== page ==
S.D. was found dead in circumstances strongly suggestive of a drug overdose. The police summoned the medical examiner, who eventually performed an autopsy. The examiner sent samples from S.D.’s body to a lab in another state for toxicology testing, which revealed the presence of chemicals indicating a heroin overdose. Mattox, eventually charged with delivering the fatal heroin, claims his Sixth Amendment confrontation right was violated when the state introduced the toxicology report through the medical examiner, rather than the lab analyst who performed the testing.
As our post on the certification explained, the court of appeals had issued inconsistent decisions on the admissibility of such reports in very similar situations. (State v. Heine, 2014 WI App 32, 354 Wis. 2d 1, 844 N.W.2d 409 (admissible), and State v. VanDyke, 2015 WI App 30, 361 Wis. 2d 738, 863 N.W.2d 626 (inadmissible).) The supreme court now overrules VanDyke by declaring as a “general rule” that
When a medical examiner–unilaterally and not in conjunction with law enforcement–requests a toxicology report while performing an autopsy to determine the cause of death, admitting the toxicology report generally will not violate the Confrontation Clause when the toxicology report contains solely a numerical account of the concentration of substances within a decedent’s blood, urine, and tissue.
This is a narrowish holding. Perhaps puzzlingly so; the court doesn’t explain why it should matter that the reported data is “numerical.” But the analysis that leads up to it is hard to square with Supreme Court precedent on forensic lab reports, and also turns a blind eye to some rather obvious law-enforcement implications of autopsies and toxicology testing under the sort of fact patterns that generate these cases.
Both of these problems relate to the majority’s heavy reliance on Ohio v. Clark, 135 S. Ct. 2173 (2015), for the test as to whether evidence is “testimonial” and thus subject to the Confrontation Clause. Or rather, as the dissent points out, one of two formulations of that test found in Clark: “whether, in light of all the circumstances, viewed objectively, the primary purpose of the conversation was to creat[e] an out-of-court substitute for trial testimony.”
Right there in the quote (which the majority here alters to remove the reference to “the conversation”) we see a potential problem: Clark was not about forensic tests, but rather concerned a conversation between a small child and his teacher. In fact the Clark opinion doesn’t make any meaningful reference to the three prior SCOTUS cases that do concern forensic testing: Melendez-Diaz v. Massachusetts, 557 U.S. 305 (2009), Bullcoming v. New Mexico, 131 S. Ct. 2705 (2011), and Williams v. Illinois, 132 S. Ct. 2221 (2012). The majority here offers some unconvincing factual distinctions between this case, Bullcoming, and Melendez-Diaz (both of which found forensic testing testimonial). (¶¶27-28). But it doesn’t really engage with those cases, instead dwelling on Clark.
The issue with this approach: One can easily see that a conversation between two people, even where one of those people is a police officer, may well have a “primary purpose” other than “to establish or prove past events potentially relevant to later criminal prosecution” (the other Clark formulation, unnoted by the majority here). Like, for example, to address an emergency or to determine whether a child needs protection. But is the same true of a test for the presence of illegal drugs in the body of a dead person?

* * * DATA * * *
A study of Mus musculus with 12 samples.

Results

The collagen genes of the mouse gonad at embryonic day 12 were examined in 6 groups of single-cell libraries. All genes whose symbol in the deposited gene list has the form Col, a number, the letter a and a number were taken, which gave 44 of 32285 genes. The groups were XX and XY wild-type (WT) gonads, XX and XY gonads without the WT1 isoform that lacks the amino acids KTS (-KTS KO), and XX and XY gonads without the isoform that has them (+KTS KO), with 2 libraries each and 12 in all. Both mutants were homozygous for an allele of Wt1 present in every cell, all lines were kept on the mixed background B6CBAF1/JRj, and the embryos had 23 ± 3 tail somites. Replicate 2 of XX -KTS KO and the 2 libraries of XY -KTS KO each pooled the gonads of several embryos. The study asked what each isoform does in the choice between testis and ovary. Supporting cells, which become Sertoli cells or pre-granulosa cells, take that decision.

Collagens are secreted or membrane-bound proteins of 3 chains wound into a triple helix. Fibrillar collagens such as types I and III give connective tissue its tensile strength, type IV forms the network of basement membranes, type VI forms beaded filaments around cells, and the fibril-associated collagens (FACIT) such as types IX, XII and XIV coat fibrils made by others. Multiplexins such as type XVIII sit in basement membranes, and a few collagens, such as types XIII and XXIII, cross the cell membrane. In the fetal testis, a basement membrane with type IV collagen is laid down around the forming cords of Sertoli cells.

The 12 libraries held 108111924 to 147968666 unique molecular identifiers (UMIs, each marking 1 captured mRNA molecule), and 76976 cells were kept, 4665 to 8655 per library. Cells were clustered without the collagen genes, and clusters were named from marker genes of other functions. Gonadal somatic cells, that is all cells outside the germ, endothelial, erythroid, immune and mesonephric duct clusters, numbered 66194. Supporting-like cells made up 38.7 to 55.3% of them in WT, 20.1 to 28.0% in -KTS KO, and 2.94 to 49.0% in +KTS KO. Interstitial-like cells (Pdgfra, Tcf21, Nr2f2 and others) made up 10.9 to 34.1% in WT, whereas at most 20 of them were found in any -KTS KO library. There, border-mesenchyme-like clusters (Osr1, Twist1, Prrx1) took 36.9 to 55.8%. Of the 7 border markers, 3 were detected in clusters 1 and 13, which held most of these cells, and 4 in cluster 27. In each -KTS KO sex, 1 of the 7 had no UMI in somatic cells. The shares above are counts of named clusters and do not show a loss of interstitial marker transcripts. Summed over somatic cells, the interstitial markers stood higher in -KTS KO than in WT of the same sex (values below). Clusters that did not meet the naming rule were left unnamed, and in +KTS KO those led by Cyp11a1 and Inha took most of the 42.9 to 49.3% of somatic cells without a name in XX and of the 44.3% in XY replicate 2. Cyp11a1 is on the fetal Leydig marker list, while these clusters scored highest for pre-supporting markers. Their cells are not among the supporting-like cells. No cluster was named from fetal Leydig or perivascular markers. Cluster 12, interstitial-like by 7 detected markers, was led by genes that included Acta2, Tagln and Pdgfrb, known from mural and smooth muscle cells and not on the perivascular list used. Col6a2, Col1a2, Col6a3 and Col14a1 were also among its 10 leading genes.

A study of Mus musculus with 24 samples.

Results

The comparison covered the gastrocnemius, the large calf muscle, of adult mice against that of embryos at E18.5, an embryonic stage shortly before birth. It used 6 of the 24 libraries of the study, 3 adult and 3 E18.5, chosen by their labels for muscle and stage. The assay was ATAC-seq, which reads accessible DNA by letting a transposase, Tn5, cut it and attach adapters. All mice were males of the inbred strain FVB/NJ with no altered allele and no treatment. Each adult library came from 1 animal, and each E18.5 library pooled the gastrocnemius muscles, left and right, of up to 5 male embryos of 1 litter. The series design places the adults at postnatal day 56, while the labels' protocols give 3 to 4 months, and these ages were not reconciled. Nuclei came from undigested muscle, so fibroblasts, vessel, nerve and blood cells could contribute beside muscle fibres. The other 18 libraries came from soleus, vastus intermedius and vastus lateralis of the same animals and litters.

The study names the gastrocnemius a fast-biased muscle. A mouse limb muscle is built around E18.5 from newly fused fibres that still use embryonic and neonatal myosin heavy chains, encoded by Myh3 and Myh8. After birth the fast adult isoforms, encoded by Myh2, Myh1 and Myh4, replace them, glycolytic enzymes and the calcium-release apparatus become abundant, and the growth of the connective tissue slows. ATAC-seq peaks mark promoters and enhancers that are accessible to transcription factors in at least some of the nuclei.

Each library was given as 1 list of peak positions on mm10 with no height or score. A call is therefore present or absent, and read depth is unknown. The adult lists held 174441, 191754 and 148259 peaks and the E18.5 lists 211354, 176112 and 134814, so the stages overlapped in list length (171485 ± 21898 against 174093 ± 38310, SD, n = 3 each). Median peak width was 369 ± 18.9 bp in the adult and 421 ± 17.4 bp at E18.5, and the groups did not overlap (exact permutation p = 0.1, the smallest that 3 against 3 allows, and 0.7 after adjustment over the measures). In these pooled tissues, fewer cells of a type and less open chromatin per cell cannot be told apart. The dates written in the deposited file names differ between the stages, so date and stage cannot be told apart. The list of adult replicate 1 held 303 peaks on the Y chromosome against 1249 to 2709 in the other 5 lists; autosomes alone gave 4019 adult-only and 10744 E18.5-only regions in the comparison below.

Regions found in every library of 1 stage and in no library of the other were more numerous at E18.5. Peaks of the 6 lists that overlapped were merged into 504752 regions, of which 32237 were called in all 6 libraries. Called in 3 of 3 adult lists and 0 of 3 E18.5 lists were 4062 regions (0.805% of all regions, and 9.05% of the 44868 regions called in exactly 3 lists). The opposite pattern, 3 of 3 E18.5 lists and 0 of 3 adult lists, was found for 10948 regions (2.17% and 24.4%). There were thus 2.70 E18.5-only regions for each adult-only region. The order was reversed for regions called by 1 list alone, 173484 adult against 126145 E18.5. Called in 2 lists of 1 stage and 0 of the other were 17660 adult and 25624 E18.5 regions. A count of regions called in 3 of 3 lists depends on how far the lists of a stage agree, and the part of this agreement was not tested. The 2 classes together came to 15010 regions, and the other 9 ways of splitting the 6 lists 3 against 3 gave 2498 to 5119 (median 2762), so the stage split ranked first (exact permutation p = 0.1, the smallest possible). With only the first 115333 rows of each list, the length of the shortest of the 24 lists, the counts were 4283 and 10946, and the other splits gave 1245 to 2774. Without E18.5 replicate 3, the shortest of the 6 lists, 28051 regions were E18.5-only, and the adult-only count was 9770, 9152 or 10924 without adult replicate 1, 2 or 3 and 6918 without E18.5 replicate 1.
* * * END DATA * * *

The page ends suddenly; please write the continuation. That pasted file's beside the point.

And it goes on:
Which brings us to the other flaw in the majority’s approach: its claim that the testing here was utterly divorced from the criminal investigation into S.D.’s death. Per the court:
Here, the medical examiner took biological samples during an autopsy of a decedent who died of unknown causes. The police did not seize the tested evidence from Mattox, who was not suspected of committing a crime when the samples were taken. The toxicology report was not requested by the police or solicited for the purpose of generating evidence against Mattox. At the time the medical examiner sent the samples for testing, there was no defendant against whom to generate evidence because there was no known crime. The medical examiner was simply looking for information to determine the cause of death and submitted the biological samples to the toxicology lab pursuant to autopsy protocols. The police were not involved in sending the samples to the lab or generating evidence against a defendant with respect to the autopsy, and the record is devoid of any suggestion that the medical examiner was working as an agent of the police in an active criminal investigation to develop evidence for use in a criminal prosecution.
First, what logical relevance is there to the fact that Mattox had not yet been identified as a defendant? “None of our cases has ever suggested that … the statement must be meant to accuse a previously identified individual; indeed, in Melendez–Diaz, we rejected a related argument that laboratory analysts are not subject to confrontation because they are not accusatory witnesses.” Williams, 132 s. Ct. at 2274 (Kagan, J., dissenting). And can it really be that there was “no known crime” where an apparently healthy young man is found dead, surrounded by paraphernalia used for injecting drugs, with needle punctures and track marks in his arm? As Mattox pointed out in his brief, injectable drugs are not typically manufactured by their end users, so someone (really several someones) had surely committed the crime of delivery causing his death. And as the dissent notes, state statute requires medical examiners and police to work together in investigating homicides.
All in all, it’s hard to see how this report was not meant to “establish or prove past events potentially relevant to later criminal prosecution.” Nevertheless, the “general rule” articulated above is the law in Wisconsin, at least for now.